The fat fingers of Kadıköy

Asia's entertainment district



It is a town with so much in its palm that it must have fat, stocky fingers just to hold onto everything. How else would it manage?


One of those chubby Kadıköy fingers/street is a lane with a taste for Turkish coffee. In this street the coffee is given the royal treatment being served on a silver tray. The coffee cup also sits in a casing with a lid. Even a piece of Turkish delight gets the Sultan treatment in its own silver box.

The next swollen Kadıköy digit is a lane that specialises in kokoreç (sheep intestine cooked with spices and served on a bread roll).


If kokoreç were a perfume, no doubt after smelling the tester it would quickly be put back on the shelf. But, for every stubborn nose there is one very happy mouth.

The middle finger… the longest of the streets – at this finger’s base there are fresh fruit, vegetable, fish, olive, cheese and spice markets.


At its knuckle – fish, meze (Turkish tapas) and rakı (Turkish liquor) restaurants congregate.

In the evenings a drool of live Turkish folk music floats between these restaurants. People dine while in the distance a friendly protest may walk past before a gyspy child replaces the crowd playing the ‘darbuka’ (Turkish drum) with the expertise of a seasoned professional before being shooed away by waiters.

And at the fingernail tip, the lane transforms once more. This time into a beer and backgammon alley.

Backgammon’s not your game? Then follow the young and the restless to Bar Street (Kadife Sokak/Street but referred to as Barlar Sokağı). Here one can find an ‘Alice in Wonderland’ rabbit hole sized door – ‘Karga’ bar. Open it. It leads to a three story mansion-grunge where punters enjoy beer on tap while hanging out on one of the many mezzanines.

The bar staff tell me the building was home to the engineers who built the Haydarpaşa Train Station in the early 1900’s. The fireplace is an easy drawcard during the winter months.

It is not just beer that marks its own territory. Even antiques have their own lane way.

IMG 5812 e1416564371650 225x300 The fat fingers of KadıköyIn antique strip enjoy a tea on an extremely small stool and lose yourself in the piles of pre-loved Turkish treasures.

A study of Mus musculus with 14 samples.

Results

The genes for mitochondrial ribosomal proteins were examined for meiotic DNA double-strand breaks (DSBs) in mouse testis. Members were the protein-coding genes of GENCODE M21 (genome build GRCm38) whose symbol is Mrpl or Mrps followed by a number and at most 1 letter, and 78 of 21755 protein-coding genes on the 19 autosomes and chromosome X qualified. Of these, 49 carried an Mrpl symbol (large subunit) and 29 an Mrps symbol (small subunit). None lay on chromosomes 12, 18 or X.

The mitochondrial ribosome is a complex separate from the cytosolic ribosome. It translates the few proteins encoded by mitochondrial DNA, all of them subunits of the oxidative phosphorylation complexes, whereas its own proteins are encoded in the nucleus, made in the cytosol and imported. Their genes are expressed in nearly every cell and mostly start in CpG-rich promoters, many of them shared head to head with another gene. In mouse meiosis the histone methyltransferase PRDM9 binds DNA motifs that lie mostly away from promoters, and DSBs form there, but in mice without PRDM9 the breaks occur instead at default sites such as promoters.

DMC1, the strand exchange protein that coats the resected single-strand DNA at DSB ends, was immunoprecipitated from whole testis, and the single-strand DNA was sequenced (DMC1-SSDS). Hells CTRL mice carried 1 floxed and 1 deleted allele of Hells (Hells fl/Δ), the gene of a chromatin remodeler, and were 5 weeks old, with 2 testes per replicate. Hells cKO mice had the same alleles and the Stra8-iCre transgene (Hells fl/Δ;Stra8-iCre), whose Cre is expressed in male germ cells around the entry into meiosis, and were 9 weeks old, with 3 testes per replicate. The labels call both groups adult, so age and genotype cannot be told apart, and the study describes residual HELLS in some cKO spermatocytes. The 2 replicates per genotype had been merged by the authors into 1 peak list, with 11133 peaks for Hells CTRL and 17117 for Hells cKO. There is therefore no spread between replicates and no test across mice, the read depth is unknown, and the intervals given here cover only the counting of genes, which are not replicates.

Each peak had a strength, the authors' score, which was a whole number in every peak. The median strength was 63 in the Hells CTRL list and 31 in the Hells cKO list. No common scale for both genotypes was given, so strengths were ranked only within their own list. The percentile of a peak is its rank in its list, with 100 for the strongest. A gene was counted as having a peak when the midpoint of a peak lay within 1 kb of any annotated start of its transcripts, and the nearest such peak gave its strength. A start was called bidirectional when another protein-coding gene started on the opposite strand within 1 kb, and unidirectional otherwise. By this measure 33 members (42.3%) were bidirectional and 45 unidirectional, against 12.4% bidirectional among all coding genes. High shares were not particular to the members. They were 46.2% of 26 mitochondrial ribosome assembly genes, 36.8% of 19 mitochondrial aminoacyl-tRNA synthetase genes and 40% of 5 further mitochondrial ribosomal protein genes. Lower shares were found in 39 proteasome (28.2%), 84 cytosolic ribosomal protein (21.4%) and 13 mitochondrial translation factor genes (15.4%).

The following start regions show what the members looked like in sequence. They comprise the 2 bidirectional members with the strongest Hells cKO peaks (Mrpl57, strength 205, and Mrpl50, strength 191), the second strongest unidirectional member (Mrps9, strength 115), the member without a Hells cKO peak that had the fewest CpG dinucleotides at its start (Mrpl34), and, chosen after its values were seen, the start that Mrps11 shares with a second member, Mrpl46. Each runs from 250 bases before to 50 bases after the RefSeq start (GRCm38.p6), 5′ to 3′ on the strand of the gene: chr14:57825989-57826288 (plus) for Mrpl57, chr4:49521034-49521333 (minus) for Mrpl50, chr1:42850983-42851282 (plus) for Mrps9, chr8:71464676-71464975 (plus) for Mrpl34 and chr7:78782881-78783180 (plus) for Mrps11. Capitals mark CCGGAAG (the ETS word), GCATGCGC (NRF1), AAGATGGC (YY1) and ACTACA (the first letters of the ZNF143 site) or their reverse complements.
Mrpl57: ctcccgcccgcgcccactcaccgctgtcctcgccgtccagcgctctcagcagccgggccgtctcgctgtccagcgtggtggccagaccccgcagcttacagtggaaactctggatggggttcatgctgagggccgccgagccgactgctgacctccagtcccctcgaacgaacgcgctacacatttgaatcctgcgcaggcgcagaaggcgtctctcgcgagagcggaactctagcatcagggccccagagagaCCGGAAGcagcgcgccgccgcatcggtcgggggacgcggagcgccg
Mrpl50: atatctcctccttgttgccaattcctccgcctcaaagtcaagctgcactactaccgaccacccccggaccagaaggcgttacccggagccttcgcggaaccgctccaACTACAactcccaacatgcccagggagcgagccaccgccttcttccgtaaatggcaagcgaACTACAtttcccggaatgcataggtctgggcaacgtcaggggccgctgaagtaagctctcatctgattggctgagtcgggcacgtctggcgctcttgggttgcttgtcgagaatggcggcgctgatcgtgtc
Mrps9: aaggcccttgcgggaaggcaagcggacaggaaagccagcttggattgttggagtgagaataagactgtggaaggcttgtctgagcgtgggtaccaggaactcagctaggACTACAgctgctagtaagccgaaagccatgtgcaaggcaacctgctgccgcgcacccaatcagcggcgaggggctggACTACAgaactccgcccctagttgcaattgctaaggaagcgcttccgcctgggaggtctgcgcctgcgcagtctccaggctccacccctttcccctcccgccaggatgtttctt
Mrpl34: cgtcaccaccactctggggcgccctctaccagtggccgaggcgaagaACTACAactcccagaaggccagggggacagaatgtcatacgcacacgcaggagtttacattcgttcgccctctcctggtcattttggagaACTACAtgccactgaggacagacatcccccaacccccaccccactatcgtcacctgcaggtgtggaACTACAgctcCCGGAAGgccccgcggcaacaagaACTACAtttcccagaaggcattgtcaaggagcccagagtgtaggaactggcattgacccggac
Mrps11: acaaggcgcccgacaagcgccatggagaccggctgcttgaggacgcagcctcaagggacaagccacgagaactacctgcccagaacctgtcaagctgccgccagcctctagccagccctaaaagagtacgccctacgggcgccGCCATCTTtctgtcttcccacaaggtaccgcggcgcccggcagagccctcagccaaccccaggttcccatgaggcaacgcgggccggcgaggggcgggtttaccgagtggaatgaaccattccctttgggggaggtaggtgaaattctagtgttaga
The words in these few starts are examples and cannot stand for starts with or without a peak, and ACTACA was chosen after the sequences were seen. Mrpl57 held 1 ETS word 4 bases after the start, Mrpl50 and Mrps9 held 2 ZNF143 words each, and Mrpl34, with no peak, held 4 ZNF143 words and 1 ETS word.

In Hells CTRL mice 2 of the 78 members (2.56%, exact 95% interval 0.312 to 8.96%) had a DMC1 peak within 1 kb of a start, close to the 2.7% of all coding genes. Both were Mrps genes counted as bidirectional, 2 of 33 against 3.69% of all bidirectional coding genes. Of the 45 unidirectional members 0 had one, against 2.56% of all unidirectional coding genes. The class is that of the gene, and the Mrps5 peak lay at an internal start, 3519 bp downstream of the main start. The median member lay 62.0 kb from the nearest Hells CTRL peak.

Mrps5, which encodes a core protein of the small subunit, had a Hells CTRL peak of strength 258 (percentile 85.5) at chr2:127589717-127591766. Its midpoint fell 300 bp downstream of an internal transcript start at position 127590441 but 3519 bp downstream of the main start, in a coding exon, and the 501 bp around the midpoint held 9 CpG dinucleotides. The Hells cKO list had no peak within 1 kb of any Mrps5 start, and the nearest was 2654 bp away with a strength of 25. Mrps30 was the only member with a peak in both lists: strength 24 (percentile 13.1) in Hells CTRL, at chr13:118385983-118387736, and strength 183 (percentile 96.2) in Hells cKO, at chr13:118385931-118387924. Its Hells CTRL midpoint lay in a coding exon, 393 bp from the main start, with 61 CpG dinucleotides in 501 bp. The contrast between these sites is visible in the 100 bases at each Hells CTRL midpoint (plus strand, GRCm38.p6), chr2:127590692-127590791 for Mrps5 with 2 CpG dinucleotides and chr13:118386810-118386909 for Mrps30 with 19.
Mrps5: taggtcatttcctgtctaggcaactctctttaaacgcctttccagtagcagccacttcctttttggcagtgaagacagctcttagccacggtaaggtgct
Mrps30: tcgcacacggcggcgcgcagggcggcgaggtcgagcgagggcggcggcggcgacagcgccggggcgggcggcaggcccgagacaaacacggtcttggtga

One particular shop has an intense overload of what we may consider junk but the store owner may retain is treasure.

Istanbul’s antique history is piled on top of each other and can be seen displayed in windows, on shelves and on streets.

Around the corner music can be heard from buskers who perform to crowds in Kadıköy’s two small squares that are more like perfect diamonds then square shapes.

Different religions seem to live hand in hand with a church at both of these open performance spaces plus a scattering of small mosques. Although, this subtle blend of religion is not uncommon across Istanbul.

In Kadıköy all this is possible, plus more, because most of its back streets are car free. So people can, and do, scurry around like mice in a maze. They only have to dodge each other, not the usual traffic of cars.

A nostalgic tram circles the entertainment hub which is more compact than its European equivalent Taksim.

At the top of Kadıköy’s main road the tram passes a bull that is an ‘American Wall Street’ style figure. It looks through the traffic as if ready to charge across the water to the old town of Istanbul – the Ottoman’s original money and power hungry peninsula.


The bull is a common meeting point for locals to gather and wait for friends.

At any time of day, somewhere in Kadıköy, a mobile beeps. A friend receives a text.

“Where should we meet?”

“The bull.”

                                                                               “Be there in 10.”

Written by Sheldon Heyes


Have you experienced Kadıköy after reading this? What did you think of Istanbul’s Asian side entertainment district? Please comment below.

TIP - After getting off the ferry, enter the pocket of Kadıköy on the right of the main road – Söğütlü Çeşme Caddesi. Find the çarşi (fresh fruit market) from your map. All other lanes discussed stem from this market street. Get lost, explore and enjoy. The bull is at the top of Söğütlü Çeşme Street. Follow the tram tracks from the bull into the pedestrian street for major retail chains.

You may also enjoy reading “Memoirs of a city“. Enjoy the journey from Europe to Kadıköy, Asia with an Istanbul ferry.

About Sheldon Heyes
Lifestyle writer for Turkey - I will prepare you for Istanbul. I will show you my city. Stemming from an Australian media background I have been in Istanbul since 2012. With a foreign heart and a writer's pen I have since embraced, danced, swallowed and mumbled the Turkish culture, music, food and language. Currently - Read by thousands of passengers zooming across the globe at 38,000 feet with Turkish Airlines inflight magazine 'Skylife'. Freelance contributor at The Guide Istanbul Magazine. Online guest posts with Freelance journalist published online at And... thanks to popstar and musician Mehmet Erdem, having a bit of cultural fun and flair appearing in the Turkish video clip - 'Aşkımız Bitecek'. Past contributions - Istanbul Timeout and Home Art Istanbul magazine.